IGN recently released a trailer for The Fall, the newest from director Tarsem Singh, best known for 2000’s The Cell, as well as music video work for En Vogue and R.E.M. (he directed the acclaimed video for “Losing My Religion”).
The Fall, which is set in a California hospital circa 1920, follows the relationship between a young immigrant girl and an injured Hollywood stuntman who begins telling her an epic, world-spanning tale about bandits, warriors, evil rulers, and beautiful princesses.
As the trailer shows, The Fall is quite the visually arresting film. I saw it in 2006 at the Toronto International Film Festival, and it was easily the most beautiful film I saw, full of gorgeous scenery (the film was shot in over 20 countries) and opulent costumes, and it sports a sense of imagination that immediately brings to mind the likes of Terry Gilliam (cue the The Adventures of Baron Munchausen comparisons).
However, as I wrote in my Twitch review:
Throughout the film, I felt like Tarsem was trying to get my attention, to get me to notice this really alluring costume, or the angle at which he shot this stunning castle wall, or how he was able to seamlessly transition from the shot of a pinned butterfly to a deserted butterfly-shaped island. Simply put, The Fall ends up drowning in its own excesses, constantly trying way too hard to wow the viewer and sweep them off into an imaginative, whimsical tale of heroes, bandits, and princesses in such an obvious manner that it ends up feeling rather ingratiating.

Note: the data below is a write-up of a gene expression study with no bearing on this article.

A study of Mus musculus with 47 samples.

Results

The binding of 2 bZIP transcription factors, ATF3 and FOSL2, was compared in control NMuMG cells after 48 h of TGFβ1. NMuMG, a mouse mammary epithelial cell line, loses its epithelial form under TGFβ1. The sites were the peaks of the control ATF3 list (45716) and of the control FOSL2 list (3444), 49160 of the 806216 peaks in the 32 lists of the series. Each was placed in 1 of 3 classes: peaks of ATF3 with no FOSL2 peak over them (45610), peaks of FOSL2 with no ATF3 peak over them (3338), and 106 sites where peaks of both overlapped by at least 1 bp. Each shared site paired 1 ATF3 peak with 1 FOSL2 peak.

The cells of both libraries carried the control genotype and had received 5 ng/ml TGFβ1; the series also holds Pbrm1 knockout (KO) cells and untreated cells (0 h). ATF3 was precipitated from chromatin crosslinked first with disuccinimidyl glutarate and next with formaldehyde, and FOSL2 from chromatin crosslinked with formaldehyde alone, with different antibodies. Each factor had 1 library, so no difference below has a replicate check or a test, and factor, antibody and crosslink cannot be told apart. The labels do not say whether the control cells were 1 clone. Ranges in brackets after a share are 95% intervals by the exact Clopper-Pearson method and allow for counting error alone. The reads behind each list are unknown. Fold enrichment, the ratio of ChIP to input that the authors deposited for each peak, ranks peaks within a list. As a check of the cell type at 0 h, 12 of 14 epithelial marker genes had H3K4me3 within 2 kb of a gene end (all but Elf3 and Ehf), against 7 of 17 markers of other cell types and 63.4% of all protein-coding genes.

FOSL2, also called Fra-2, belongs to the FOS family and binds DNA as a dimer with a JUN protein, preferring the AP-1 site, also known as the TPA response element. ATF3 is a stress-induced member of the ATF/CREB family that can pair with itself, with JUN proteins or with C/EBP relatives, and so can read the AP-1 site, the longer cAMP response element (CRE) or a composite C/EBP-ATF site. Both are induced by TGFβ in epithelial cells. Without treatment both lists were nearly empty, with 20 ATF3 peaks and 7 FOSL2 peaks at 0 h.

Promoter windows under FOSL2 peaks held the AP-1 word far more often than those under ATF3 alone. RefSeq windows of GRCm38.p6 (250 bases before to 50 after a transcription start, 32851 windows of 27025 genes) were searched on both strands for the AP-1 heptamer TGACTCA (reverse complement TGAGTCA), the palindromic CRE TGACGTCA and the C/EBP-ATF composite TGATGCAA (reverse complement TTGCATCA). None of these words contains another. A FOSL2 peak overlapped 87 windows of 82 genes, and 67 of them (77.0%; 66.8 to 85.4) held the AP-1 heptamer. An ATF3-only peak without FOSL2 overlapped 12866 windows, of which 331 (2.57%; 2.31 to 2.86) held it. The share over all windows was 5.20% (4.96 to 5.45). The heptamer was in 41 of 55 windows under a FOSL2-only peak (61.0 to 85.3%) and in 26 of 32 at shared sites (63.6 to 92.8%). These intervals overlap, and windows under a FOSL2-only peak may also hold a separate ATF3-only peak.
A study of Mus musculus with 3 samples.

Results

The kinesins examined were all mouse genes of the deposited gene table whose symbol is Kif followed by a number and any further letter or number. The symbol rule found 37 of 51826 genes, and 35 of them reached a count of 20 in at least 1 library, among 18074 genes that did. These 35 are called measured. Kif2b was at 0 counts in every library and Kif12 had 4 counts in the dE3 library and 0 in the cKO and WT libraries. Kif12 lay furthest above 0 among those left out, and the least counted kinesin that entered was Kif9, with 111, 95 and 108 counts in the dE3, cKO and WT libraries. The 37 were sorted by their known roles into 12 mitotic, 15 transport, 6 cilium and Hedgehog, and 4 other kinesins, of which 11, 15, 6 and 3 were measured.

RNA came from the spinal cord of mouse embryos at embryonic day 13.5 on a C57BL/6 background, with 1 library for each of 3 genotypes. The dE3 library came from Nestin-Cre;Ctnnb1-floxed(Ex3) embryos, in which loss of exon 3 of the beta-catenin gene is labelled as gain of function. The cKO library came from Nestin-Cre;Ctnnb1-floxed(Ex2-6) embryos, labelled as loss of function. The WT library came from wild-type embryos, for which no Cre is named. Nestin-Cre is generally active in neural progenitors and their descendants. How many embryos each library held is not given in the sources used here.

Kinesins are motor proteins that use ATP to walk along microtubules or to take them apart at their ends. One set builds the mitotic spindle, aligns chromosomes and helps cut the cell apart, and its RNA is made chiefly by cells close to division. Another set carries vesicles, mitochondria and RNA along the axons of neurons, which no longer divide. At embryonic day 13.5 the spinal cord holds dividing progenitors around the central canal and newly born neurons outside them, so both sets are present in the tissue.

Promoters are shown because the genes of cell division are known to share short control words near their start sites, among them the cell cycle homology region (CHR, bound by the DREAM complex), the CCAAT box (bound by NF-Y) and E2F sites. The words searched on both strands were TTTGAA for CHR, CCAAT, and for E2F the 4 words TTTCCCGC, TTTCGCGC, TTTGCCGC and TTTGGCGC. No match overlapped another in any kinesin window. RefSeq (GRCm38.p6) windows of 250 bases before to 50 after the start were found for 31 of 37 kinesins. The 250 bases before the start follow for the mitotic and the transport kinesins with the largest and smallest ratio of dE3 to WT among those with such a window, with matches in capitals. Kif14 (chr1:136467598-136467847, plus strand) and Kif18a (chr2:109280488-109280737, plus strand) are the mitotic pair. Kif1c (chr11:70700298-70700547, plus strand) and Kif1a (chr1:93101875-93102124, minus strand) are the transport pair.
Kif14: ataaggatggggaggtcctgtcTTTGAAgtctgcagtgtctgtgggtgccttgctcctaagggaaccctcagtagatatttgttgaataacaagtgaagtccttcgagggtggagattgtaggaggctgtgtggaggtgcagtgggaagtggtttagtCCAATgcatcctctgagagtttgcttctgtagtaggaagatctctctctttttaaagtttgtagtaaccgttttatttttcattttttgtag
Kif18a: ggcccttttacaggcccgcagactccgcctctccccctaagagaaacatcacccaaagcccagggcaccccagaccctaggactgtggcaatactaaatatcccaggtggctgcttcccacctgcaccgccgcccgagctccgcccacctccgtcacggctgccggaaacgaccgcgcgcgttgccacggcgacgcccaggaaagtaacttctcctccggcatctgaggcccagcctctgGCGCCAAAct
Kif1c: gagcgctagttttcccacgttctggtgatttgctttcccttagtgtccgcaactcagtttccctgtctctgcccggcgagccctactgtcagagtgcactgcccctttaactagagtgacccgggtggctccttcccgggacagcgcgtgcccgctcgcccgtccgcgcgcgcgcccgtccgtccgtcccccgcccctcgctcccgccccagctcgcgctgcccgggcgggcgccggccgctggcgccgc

It probably didn’t help much that I saw Pan’s Labyrinth at the same festival. Both films share certainly similarities: they’re both full of amazing and creative visuals, both revel in the power of myth and story, and both feature a heroine for whom the lines separating fantasy and reality become increasingly thin.
However, I found Pan’s Labyrinth to be the much stronger and more compelling film. Perhaps it’s because Guillermo del Toro grasps something about myth — its darkness and otherworldliness, its redemptive properties, its subtlety — that Tarsem, for all of his visual acumen, doesn’t.
That being said, I would never describe The Fall as a waste of a viewer’s time. Beauty is still beauty, and there’s much to praise in Tarsem’s ability to create such fanciful settings. As I wrote in my TIFF 2006 recap, See it for the eye candy, which falls somewhere between Terry Gilliam, Ron Fricke’s Baraka, and a National Geographic special, and you might be pleasantly surprised.